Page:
A winter-long traffic jam on U.S. railways is hampering transport of ethanol, forcing production cuts and ratcheting up prices in supply-deprived regions.
The coldest winter in three decades has stalled locomotives, frozen track switches and delayed crews, causing snarls in Chicago and other major hubs across the continent and slowing much of the eastbound ethanol trade.
It is a further sign of how this winter has put severe strain on U.S. energy production and transport. Deliveries of propane, natural gas, even electricity, have struggled to keep up amid the freezing temperatures.
East Coast stocks of fuel ethanol fell to their lowest level on record last week, down to 4.6 million barrels from 6.4 million at the same time last year, data from the U.S. Energy Information Administration showed on Mar. 12.
Midwest ethanol producers — who often can store no more than 10 days’ worth of production on site — are finding their tanks full as railroad pickups slow.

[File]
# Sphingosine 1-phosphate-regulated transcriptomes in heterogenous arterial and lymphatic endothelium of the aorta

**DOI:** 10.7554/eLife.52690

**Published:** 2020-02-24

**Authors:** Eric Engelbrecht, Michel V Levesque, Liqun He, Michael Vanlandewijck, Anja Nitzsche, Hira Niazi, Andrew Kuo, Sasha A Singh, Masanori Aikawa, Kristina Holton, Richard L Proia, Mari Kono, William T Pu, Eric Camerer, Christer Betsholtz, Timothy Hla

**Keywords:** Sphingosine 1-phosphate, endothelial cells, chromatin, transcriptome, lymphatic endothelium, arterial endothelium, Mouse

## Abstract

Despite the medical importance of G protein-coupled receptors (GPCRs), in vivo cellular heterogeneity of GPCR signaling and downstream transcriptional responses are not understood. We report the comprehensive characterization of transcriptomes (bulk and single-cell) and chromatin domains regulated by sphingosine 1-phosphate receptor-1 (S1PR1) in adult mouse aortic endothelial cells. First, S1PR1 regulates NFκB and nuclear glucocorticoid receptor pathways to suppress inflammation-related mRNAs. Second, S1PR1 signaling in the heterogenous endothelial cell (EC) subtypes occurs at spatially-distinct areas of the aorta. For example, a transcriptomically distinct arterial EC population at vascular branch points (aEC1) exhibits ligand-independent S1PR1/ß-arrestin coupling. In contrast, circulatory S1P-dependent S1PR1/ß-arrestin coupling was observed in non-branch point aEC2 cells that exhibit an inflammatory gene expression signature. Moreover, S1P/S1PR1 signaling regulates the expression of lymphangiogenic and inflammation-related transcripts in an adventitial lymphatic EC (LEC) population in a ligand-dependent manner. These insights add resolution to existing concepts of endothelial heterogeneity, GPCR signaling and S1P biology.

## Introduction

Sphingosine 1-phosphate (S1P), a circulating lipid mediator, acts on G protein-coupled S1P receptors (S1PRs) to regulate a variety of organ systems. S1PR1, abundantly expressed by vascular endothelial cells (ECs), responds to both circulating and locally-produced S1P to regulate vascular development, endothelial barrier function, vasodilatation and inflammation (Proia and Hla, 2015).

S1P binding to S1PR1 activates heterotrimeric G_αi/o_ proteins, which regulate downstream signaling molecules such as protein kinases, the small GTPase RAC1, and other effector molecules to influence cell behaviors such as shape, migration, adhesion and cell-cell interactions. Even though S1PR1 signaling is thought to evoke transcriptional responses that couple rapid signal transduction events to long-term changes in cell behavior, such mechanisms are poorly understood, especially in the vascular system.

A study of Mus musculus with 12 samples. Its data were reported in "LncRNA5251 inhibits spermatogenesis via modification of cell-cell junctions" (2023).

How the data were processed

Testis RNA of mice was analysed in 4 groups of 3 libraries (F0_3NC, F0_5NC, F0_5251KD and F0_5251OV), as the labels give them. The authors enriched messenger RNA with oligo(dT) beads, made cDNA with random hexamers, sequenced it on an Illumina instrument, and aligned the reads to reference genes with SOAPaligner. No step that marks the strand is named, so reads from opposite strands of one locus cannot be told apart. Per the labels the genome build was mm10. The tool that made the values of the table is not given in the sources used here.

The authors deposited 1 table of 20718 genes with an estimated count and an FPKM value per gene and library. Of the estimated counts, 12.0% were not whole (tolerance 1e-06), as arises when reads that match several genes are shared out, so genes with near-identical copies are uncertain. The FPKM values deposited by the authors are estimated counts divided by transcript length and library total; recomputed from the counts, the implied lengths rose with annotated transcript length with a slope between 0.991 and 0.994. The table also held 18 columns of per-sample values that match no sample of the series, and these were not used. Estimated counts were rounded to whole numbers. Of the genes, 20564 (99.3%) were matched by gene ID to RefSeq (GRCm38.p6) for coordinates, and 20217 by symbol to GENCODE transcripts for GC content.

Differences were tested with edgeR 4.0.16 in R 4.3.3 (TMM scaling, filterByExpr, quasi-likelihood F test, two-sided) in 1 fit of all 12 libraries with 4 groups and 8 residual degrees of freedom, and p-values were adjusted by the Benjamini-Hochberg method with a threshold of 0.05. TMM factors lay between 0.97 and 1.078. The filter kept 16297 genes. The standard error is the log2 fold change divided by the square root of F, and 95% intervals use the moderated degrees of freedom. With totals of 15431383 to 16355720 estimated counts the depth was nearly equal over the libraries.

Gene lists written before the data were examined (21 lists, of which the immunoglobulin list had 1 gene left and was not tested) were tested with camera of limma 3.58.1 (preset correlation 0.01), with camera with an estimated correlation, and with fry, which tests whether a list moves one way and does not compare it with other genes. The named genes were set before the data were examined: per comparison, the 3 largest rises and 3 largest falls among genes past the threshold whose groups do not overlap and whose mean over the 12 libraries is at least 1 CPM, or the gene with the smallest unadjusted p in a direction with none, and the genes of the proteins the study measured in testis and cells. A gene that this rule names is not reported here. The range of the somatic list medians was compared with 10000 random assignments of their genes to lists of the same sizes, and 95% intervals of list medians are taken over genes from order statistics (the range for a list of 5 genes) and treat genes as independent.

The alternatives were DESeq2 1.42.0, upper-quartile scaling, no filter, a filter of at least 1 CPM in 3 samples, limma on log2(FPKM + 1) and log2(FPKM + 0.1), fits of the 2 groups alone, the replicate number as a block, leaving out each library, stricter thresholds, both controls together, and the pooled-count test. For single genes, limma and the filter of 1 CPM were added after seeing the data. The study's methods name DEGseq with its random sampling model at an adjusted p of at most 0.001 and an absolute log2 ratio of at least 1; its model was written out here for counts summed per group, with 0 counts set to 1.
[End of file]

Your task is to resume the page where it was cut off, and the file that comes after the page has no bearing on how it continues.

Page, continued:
As a result, some plants are reducing production. The EIA data showed the second-lowest weekly production for ethanol in the Midwest so far this year, at 802,000 barrels per day.
From the Alberta Farmer Express website: Midwest ethanol plants reversing the trade flow of the Mississippi
“We’ve had some times where we’ve had to make some adjustments in production,” said Brian Cahill, chief executive officer of Southwest Iowa Renewable Energy, which operates a 110-million-gallon-per-year ethanol plant in Council Bluffs, Iowa.
Cahill said his company mitigates the issue somewhat by loading unit trains of 80 cars or more. But congestion in the country’s busiest rail hub of Chicago still slows transportation of the ethanol from the plant in western Iowa to the New York Harbour and elsewhere on the East Coast, he said.
It is unclear how long the congestion will last as the weather thaws and shippers work to erase the backlog of deliveries.
A spokeswoman for CSX Corp., which has experienced delays in eastbound deliveries, said the railroad is working to relieve the congestion, but warned that “progress will be somewhat slow.”